Religion and Reproductive Rights



Margaret Sanger

March for Women's Lives



Judicial Review

Roe v. Wade




The major opponents for most elements of family planning come from religious organizations and their members. Different religions have different views on reproductive issues stemming from interpretations of their holy texts.

The Roman Catholic Church has the most restrictive views on all areas of reproduction. Their position is principles derived from their holy texts which state that life is sacred and that life begins at the moment of conception. As a result, they believe that any interference in the reproductive process is sinful and not permitted. It strictly prohibits any use of contraceptives, including condoms, or abortion no matter the situation. In 1930, Pope Pius XI released the encyclical, Casti Connubii in response to an Episcopalian announcement permitting the use of artificial contraceptives in cases of extreme necessity. It reaffirmed the Roman Catholic belief in the sanctity of marriage and the prohibition of any contraceptives. “Any use whatsoever of matrimony exercised in such a way that the act is deliberately frustrated in its natural power to generate life is an offense against the law of God and of nature, and those who indulge in such are branded with the guilt of a grave sin.” Pope Paul VI articulated the current official position of the Roman Catholic Church in 1968 in the encyclical, Humanae Vitae. This encyclical reaffirmed that only natural methods of contraceptives like the rhythm method in cases of extreme necessity were permitted. All other methods of birth control are prohibited.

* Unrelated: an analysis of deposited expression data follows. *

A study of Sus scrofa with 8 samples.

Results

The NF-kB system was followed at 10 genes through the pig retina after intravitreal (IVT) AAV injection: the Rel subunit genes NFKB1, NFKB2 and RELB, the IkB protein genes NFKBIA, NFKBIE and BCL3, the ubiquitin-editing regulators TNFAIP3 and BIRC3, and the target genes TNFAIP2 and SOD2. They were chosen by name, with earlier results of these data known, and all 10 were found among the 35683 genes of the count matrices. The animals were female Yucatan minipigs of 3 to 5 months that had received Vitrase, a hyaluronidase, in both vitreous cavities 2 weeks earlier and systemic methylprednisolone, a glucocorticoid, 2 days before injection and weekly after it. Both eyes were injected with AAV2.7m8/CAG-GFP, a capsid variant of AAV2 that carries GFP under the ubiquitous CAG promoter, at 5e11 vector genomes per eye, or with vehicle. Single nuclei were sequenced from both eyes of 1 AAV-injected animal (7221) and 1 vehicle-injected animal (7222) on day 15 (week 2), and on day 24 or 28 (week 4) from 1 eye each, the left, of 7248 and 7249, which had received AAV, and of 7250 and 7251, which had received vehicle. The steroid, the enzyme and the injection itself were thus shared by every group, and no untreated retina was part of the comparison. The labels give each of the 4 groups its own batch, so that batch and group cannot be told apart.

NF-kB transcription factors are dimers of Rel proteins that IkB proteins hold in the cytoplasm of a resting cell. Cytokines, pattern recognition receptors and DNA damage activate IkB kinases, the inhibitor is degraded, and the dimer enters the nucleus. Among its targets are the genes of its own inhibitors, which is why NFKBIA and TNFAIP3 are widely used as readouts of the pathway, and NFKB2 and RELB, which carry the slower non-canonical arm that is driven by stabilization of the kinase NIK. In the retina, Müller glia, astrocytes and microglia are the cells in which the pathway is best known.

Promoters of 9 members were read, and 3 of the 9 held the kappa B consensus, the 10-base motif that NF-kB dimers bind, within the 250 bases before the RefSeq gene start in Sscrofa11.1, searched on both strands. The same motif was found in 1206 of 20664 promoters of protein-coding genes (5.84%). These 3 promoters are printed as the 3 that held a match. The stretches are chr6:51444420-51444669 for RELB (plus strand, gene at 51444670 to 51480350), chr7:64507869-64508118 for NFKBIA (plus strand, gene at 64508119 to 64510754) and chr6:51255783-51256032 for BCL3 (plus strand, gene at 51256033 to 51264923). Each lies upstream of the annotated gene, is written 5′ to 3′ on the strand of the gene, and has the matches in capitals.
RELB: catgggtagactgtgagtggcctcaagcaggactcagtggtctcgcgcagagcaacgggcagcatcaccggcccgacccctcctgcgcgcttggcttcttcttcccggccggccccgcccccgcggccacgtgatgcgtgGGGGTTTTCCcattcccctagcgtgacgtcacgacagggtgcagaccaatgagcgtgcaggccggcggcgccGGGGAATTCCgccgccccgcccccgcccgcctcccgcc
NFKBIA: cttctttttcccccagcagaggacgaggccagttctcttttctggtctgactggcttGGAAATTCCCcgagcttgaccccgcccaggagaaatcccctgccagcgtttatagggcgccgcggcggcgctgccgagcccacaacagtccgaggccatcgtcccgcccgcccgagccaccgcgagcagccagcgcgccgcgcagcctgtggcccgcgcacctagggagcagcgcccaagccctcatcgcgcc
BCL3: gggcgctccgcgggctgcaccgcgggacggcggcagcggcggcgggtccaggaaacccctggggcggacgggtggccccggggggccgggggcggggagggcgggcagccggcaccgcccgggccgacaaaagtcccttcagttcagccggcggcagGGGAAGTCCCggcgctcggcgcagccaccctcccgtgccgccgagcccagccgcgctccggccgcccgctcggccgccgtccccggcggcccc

The Roman Catholic Church is the most boisterous of abortion opponents and actively engages in international debate and diplomatic events to further imbed its views on abortion and contraceptives into legal work. It also organizes a large number of US organizations to prevent the legalization of contraceptives and abortion.

The Catholic Church also prohibits premarital sex and encourages abstinence until marriage. After marriage, abstinence can be considered immoral. It has also come out against all forms of sex education except abstinence-only education.

The views of the Roman Catholic Church are not shared with all Christians.

While Protestant denominations take many positions on these issues, a large portion of them support a statement issued by the Evangelical Lutheran Church in America (ELCA). That statement declares: “When [having children] is not their intention, the responsible use of safe, effective contraceptives is expected of the male and the female. Respect and sensitivity should also be shown toward couples who do not feel called to conceive and/or rear children, or who are unable to do so.”

The divergence of opinion is significantly less on the issue of abortion. Evangelical churches view abortion as infanticide or murder and as thus do not permit it. This belief follows from a strict interpretation of passages of both the Old and New Testaments that explicitly state that life begins at conception and prohibits abortion. There are a few Protestant churches, normally Anglican, that agree with ‘abortion on demand’ and placing restrictions on abortion.


Judaism respects the sanctity of life but does permit abortions in some circumstances because in general the fetus is not considered an autonomous person. It believes that the fetus has great value because it is potentially a human life but that it gains "full human status at birth only." In the Mishna (Ohalot 7:6) abortion is explicitly instructed if the health of the mother is at risk. As a result, as stated in ancient Jewish texts, abortion “is not forbidden when done because of a great need.” It is necessary though that “each case must be decided individually by a rabbi well-versed in Jewish law."